Wednesday, September 13, 2017

Remembering Len Wein

Taking a little time to remember Len Wein, a comic book legend taken from us too soon (He was 69, born on June 12, 1948, and passed on September 10, 2017).

Len was the co-creator of Swamp Thing and the Human Target for DC and Wolverine, Storm, Colossus and Nightcrawler for Marvel, as well as launching the new team of X-Men in Giant-Size X-Men #1, and editing the early days of Alan Moore's work on the Watchmen and on Saga of the Swamp Thing, and even had a brief cameo as a Congressman in the movie X-Men: Days of Future Past in 2014.

But, now is a time to take a look back at some of his best stories.

Batman's Origins

Over the years, Batman had many origins, but they all contained the basics of young Bruce Wayne's parents being shot, and Bruce vowing to avenge their deaths, and devoting himself to the hard work of becoming Batman.  But, with the Untold Legend of Batman three issue mini-series of 1980, Len, along with artist Jim Aparo, gave the most detailed summation of how Bruce became Batman, pulling in multiple stories from over the years, as well as adding new details, and giving a little history on Robin, Batgirl, Alfred, Com. Gordon and a few villains like Joker as well, all well pushing forward and telling a compelling story of the tortured life of Bruce Wayne in the here and now (even a little on Lucius Fox, who Len created during his run on Batman....).

Batman Villains

Not every Batman villain is in the same league as the Joker, Two-Face, Riddler or Catwoman (all of which Len wrote), but quite a few of them had only one or two appearances and then were forgotten.  Len revived quite a few of Batman's odder villains, like Blockbuster, Mr. Freeze, Calendar Man, Kite-Man as well as borrowing a few foes like Crazy-Quilt (who faced Robin), Captain Boomerang (who faced Flash) and Gentleman Ghost (who was a Hawkman foe), for a run in the 300s in 1979/1980, giving these second tier villains a chance to shine (best of all, all these tales as well as the Untold Legend Of Batman were recently reprinted in Tales of the Batman: Len Wein in 2015).

Justice League Villains

Reviving villains was nothing new for Len Wein, as he did quite a bit of that in his run of Justice League of America from 100 to 114 in the early 1970s.  Len brought back JLA foes Felix Faust, Shaggy Man, T. O. Morrow, the Key, and Amazo, as well non-JLA villains like Eclipso and the Hand, and created a few new ones, like Anakronus, the Nebula Man and Libra (with Libra forming the Injustice Gang of the World, which included individual League member foes like Chronos, Poison Ivy, Mirror Master and more).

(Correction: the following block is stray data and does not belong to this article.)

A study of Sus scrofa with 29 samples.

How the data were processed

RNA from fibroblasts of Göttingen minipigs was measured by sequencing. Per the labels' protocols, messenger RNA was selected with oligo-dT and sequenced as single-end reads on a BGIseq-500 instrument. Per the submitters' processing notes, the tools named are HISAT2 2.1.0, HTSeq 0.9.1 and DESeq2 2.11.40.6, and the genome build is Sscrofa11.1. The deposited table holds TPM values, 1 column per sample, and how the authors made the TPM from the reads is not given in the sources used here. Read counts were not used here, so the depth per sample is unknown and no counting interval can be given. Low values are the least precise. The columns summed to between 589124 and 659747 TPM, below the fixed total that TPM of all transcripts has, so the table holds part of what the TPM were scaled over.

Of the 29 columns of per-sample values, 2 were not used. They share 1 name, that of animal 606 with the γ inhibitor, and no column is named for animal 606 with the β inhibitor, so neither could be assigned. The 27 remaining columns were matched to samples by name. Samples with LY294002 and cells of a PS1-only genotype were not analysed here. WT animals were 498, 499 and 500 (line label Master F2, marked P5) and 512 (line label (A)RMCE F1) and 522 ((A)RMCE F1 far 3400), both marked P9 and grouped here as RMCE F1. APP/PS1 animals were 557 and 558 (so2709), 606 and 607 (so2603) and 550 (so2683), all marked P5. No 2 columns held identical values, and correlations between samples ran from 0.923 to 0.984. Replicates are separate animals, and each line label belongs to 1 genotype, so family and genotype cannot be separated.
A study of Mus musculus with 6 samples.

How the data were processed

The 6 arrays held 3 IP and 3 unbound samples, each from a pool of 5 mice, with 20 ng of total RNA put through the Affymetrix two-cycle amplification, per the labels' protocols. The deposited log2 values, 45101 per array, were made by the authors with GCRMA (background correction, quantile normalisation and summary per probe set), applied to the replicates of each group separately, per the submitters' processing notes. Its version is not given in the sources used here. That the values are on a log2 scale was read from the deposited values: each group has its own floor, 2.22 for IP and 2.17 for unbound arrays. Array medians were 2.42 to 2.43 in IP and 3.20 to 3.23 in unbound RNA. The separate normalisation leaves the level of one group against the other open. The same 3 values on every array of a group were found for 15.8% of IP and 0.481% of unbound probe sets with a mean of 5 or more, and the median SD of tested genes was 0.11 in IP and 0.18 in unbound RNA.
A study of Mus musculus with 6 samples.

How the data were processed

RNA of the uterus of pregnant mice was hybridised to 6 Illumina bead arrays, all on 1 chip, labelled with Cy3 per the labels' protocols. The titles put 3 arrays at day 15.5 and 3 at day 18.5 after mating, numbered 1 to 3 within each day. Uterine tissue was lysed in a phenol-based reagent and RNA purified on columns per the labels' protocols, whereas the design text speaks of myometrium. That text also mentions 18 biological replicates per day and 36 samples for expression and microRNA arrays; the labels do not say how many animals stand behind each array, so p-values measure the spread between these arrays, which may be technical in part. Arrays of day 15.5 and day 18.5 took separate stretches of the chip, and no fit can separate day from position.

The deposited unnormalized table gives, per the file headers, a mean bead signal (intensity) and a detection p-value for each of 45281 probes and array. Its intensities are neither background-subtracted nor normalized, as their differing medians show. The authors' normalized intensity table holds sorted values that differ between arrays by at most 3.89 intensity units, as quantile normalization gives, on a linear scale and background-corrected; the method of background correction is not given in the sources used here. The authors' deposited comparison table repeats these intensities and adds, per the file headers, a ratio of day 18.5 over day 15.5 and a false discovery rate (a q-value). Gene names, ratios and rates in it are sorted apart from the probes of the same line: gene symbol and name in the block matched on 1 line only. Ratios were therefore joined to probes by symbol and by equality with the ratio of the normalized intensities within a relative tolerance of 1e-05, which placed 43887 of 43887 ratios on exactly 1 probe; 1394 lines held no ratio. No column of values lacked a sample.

Working with the Justice League

All these new villains required new heroes, so Len added Elongated Man (who Len had written some back-up Flash stories for) and the Red Tornado to the League, as well as many guest stars, including future League members, Zatanna (who Len wrote back up Adventure Comics and Supergirl stories for) and Metamorpho, almost member, the Phantom Stranger (whom Len had a lengthy run on in the early 1970s), having back up Green Lantern John Stewart guest for an issue (his second appearance), as well as writing three JLA/JSA team-ups, creating the Freedom Fighters (made up of old Quality heroes like Uncle Sam, the Ray and the Phantom Lady), finding out what happened to Sandman's partner, Sandy the Golden Boy, and, best of all, one large group of ignored heroes as well....

Seven Soldiers of Victory

Len gave DC back the Seven Soldiers of Victory, a mostly forgotten team of heroes from the 1940s, which included Earth-2's Green Arrow and Speedy, the western Vigilante, the Shining Knight, the Star-Spangled Kid and Stripsey and the Crimson Avenger and his partner, Wing (who made 8 soldiers), plucking them out of the past in one of the largest JLA/JSA team-ups of it's time, but keeping them in the present to be available as modern heroes.  In the 1980s, Len did return to one of these heroes, writing a memorable tale that told "Whatever Happened To....the Crimson Avenger?" for DC Comics Presents #38 (October, 1981), which is both a heartbreaking and inspiring tale.    

Len's Legacy

Len would often return to characters, working on Superman, Batman (even on DC Special Series #27, teaming Batman with the Hulk), Wonder Woman, a run on Green Lantern with Hal Jordan and John Stewart, as well as many Marvel characters, then handling Blue Beetle's revival at DC after the Crisis on Infinite Earths, and even later creating Gunfire, and back for a Human Target limited series and one for Swamp Thing....

...., as well as work on a 10 issue mini-series DCU: Legacies in 2010/2011, which let Len work on the whole of the DC Universe one last time.

For all of this and so much more, comic book fans will remember the legacy of Len Wein.

1 comment:

  1. A nice post and tribute to Lens work Dave - One of my all time favourite writers and I still have or had every one of the comics in your post. His work on the JLA work around issues 96 - 105 were some of my favourite comics as a kid just fun stories full of wonder. 69 years old is not that old commiserations to his family and friends at this terrible time for them.